One of my favourite ways to enter the flow state is through running. While meditation and asana practice are very precious to me, I am also quite passionate about lacing up my shoes and hitting the road.
Initially, running and swimming seem less like spiritual practices and more like physical endeavours. It’s true that the muscular and cardiovascular workout aspects of these activities are pretty dominant. And a good sweat is indeed satisfactory. But I love running most for those magical moments in which body and Spirit meet.
These are the times when exercising turns into a flow experience and goes beyond the physical and emotional levels. Flow is very similar to meditation in that it allows for a shift in headspace to occur, and for time to become insignificant. It is when the constant stream of thought finally subsides, and steady, single-pointed awareness takes its place. Movement becomes effortless, in spite of intense physical engagement. Without any background noise, it becomes possible to tap into the joy of the present moment. This feeling is also known as the runner’s high https://ed-oesterreichische.at.
What actually defines a flow state?
Saints and sages spanning centuries and continents have cited present moment awareness as the source of inspiration and joy. Many spiritual traditions have shared with us their insights on how to achieve it. Eventually, modern western psychology started developing an interest in these extraordinary states of consciousness, and came up with some fascinating observations:
The real flow state does not occur randomly, nor does it take place under chaotic or passive conditions. Usually a flow gets provoked when we are engaged in an activity with clear focus and direction. The task needs to push us to the edge of our skill level, while still leaving us under the impression that we can master it. We also need immediate feedback about our performance to constantly stay switched on. Usually the experience is so captivating that other needs become negligible.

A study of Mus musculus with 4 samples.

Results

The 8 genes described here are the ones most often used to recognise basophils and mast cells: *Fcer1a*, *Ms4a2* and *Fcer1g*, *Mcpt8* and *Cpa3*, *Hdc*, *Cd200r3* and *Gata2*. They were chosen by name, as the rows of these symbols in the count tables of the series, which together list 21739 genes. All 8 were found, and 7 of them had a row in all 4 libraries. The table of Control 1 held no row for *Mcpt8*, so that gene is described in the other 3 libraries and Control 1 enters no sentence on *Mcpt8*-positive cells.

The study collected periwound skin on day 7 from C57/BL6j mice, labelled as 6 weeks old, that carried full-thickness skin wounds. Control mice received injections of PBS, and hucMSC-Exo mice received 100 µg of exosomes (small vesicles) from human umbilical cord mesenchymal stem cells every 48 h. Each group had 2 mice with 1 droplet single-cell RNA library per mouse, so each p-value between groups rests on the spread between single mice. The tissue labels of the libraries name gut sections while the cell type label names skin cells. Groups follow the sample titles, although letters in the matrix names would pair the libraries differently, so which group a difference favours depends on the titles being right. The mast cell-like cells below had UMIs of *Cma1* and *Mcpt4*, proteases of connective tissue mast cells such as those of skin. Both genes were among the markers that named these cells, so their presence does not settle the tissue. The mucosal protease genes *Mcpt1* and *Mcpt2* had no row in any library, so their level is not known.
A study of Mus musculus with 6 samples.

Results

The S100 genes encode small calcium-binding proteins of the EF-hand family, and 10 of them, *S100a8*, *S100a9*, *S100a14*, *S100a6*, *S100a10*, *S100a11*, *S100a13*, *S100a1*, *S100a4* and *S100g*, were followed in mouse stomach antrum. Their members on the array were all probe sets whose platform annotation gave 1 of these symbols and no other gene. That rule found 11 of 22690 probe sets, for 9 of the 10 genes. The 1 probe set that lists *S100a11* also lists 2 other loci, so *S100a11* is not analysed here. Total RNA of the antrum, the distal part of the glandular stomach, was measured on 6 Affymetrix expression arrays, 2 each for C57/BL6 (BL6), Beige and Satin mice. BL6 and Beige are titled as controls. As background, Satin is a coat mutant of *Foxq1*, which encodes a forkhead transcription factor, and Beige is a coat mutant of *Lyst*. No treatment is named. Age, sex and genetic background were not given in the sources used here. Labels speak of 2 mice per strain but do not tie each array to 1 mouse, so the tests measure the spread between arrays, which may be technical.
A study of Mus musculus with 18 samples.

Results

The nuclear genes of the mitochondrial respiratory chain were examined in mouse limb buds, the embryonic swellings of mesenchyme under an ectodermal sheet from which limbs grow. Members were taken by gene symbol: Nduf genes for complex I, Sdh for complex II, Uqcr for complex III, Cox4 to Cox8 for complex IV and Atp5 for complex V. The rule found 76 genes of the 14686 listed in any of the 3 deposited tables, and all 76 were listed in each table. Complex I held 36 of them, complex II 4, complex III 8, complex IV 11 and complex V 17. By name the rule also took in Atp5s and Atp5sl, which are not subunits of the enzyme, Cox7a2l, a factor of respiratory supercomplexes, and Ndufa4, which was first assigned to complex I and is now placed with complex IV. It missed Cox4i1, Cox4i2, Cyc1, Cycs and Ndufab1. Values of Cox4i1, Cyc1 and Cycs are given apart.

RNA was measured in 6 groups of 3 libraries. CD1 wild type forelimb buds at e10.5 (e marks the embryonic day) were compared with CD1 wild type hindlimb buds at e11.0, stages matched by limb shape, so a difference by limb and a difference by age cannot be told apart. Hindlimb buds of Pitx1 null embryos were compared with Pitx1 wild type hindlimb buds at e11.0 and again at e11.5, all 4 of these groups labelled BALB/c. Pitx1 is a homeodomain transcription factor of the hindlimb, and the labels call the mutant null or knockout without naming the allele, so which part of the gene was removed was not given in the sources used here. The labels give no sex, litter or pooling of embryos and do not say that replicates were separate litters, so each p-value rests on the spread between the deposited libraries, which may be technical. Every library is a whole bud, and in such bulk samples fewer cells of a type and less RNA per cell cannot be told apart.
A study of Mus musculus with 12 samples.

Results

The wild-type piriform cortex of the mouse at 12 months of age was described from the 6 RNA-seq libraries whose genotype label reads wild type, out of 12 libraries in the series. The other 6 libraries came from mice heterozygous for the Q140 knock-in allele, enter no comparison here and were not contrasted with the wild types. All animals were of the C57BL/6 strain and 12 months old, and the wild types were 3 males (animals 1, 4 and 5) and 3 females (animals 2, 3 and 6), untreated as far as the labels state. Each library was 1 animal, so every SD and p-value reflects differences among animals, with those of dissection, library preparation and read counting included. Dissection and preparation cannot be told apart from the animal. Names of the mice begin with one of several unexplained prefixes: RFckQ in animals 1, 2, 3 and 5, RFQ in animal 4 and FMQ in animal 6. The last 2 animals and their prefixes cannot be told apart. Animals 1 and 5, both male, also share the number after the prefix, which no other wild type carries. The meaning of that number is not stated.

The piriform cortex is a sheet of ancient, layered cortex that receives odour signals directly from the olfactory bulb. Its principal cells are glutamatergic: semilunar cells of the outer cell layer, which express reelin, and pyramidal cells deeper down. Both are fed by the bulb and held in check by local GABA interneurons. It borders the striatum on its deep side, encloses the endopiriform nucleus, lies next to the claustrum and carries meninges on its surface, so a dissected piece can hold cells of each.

Patanjali meets flow psychology
Interestingly, the mechanisms which trigger a flow state according to modern psychology are very similar to the conditions necessary for a deep meditation described by Patanjali 2000 years ago in the Yoga Sutras. I would even say that the quality of a flow state through engaged action and the state of absorption during a sitting meditation are comparable.
Mihaly Csikszentmihalyi, the leading psychologist in the field, classifies the experience of an engaged action as a flow state when the following six qualities appear simultaneously: an intense concentration on the present moment, a sense of being in control over the activity, merging of action and awareness, and the loss of our reflective self-consciousness. This phenomena is typically accompanied by an altered experience of time, and the clear perception that the activity is intrinsically rewarding.
Does this sound familiar to what we’ve learned from Patanjali?
In the second part of the Eight Stages of Yoga (the inner limbs of Ashtanga), Patanjali describes very similar conditions: a state of internalization of the senses (Pratyahara), single-pointed concentration of the mind (Dharana), an effortless flow of consciousness toward the object of meditation (Dhyana), and the dropping of the isolated individual consciousness leading to the perception that subject and object are one (Samadhi). The last three appearing together are leading to an ecstatic absorption (Samyama).
And how to get there?
To trigger a flow experience while running, all you need is a distance which is a bit longer than you’re used to – just a little bit too long. But you’ve trained hard, and you know that you are actually ready to take that next step. You need a solid conviction that giving up is not an option and enough detachment from self-limiting ideas about your body’s capabilities. And you need a good day.
These are in my experience the conditions necessary for meeting the present moment in action. This is meditation in motion.